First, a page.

According to the CDC, a concussion is a type of traumatic brain injury. Concussions are usually caused by an impact or blow that thrusts the brain back and forth inside the skull. The impact can happen to the head, or it can be the result of a blow to the body. When the brain shifts inside the skull, it can twist, stretch and impair healthy brain cells.
So how is it that swimmers get concussions? It isn't exactly a high contact sport. Swimming is one of the most popular sports because it is generally safer than most contact sports. Yet concussions do happen in the pool and around the pool. The most common ways are:
- Hitting the head when diving
- Running into wall during backstroke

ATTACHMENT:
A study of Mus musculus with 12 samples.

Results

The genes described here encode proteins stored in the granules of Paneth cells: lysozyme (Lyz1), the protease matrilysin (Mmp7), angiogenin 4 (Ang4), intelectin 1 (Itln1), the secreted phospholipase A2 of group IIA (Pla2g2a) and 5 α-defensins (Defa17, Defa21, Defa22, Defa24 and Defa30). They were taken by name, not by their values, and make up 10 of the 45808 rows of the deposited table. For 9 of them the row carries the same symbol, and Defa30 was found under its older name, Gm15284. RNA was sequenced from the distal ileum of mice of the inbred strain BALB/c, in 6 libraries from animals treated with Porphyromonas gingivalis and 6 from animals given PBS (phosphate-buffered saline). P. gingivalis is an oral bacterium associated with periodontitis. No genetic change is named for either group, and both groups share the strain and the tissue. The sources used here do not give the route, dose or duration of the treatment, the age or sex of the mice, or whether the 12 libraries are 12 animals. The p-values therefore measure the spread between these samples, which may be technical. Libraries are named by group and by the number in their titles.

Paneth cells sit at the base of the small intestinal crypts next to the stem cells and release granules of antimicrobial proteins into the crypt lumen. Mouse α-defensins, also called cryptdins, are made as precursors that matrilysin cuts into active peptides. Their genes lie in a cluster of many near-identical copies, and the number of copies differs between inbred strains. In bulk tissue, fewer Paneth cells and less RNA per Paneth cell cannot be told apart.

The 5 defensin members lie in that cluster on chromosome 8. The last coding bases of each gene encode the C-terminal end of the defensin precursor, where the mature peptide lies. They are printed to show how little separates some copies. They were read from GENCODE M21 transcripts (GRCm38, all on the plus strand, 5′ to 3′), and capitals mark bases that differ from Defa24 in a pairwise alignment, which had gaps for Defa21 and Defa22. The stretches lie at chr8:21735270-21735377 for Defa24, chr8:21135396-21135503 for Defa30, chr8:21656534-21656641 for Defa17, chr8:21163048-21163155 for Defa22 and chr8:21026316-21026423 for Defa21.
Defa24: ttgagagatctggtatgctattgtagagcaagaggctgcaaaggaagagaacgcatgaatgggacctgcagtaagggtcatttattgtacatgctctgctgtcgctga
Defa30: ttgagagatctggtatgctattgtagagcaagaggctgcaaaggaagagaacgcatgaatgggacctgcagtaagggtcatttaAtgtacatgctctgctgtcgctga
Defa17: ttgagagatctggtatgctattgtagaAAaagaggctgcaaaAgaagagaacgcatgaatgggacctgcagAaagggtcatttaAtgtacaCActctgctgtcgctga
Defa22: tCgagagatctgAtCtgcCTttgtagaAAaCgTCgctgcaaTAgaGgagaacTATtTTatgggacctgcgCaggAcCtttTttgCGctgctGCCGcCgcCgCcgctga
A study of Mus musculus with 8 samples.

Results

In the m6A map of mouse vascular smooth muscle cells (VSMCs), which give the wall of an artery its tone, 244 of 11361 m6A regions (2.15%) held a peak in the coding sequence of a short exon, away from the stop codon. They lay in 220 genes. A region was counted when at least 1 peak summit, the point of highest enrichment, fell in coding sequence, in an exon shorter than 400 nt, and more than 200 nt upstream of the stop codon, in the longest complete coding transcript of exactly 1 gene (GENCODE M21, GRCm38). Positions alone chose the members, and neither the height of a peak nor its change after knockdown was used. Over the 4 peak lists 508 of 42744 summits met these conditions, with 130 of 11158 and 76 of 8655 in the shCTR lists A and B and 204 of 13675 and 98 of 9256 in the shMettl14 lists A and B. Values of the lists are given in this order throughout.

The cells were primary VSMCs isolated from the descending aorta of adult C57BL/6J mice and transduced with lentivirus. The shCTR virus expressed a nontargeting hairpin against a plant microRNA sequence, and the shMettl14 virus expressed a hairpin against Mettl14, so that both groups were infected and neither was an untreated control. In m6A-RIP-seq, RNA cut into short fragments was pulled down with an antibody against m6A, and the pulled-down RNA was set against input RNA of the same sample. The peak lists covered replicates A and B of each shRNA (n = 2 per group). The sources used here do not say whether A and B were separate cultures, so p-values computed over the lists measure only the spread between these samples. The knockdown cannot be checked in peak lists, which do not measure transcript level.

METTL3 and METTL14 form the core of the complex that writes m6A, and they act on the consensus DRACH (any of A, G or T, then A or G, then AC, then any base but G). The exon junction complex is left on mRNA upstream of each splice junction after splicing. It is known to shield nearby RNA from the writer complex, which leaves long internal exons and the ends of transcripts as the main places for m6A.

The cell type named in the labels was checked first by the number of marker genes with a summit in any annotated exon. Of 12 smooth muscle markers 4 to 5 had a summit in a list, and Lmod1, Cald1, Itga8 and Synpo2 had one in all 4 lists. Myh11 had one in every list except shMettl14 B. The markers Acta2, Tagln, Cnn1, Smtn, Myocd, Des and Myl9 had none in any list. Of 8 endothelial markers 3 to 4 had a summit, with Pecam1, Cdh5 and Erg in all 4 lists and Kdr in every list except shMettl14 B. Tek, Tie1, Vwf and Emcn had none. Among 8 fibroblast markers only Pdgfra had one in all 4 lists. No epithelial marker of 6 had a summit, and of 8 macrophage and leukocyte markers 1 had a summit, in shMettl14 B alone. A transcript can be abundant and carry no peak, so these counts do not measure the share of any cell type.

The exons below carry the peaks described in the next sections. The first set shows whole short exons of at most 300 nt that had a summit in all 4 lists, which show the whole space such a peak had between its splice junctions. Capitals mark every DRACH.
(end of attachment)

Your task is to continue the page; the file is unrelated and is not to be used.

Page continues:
- Running into another swimmer
- Slipping on the deck
- Doing dryland training
Obviously, being careful is the first order of business in reducing the risk of injuries that can cause concussions, but often – as with any "accident" – these events and concussions happen despite rules, policies and heightened awareness.
Because we can’t simply prevent all accidents from happening, knowing the symptoms of concussion and knowing how to respond are critical to reducing the effects of injuries to swimmers.
- We follow the concussion protocols and guidance documented by the USA Swimming Concussion Information Sheet
Minor Athlete Abuse Prevention Policy
The Preston Village Tiger Sharks Swim Team follows the guidelines and policies set in place by the U.S. Center for Safe Sport, to help protect the safety of our athletes and all members. Policies are also listed in the Team Handbook. All swim team members must sign-off on additional team policies including electronic communication policy, photography policy, etc. during annual team registration.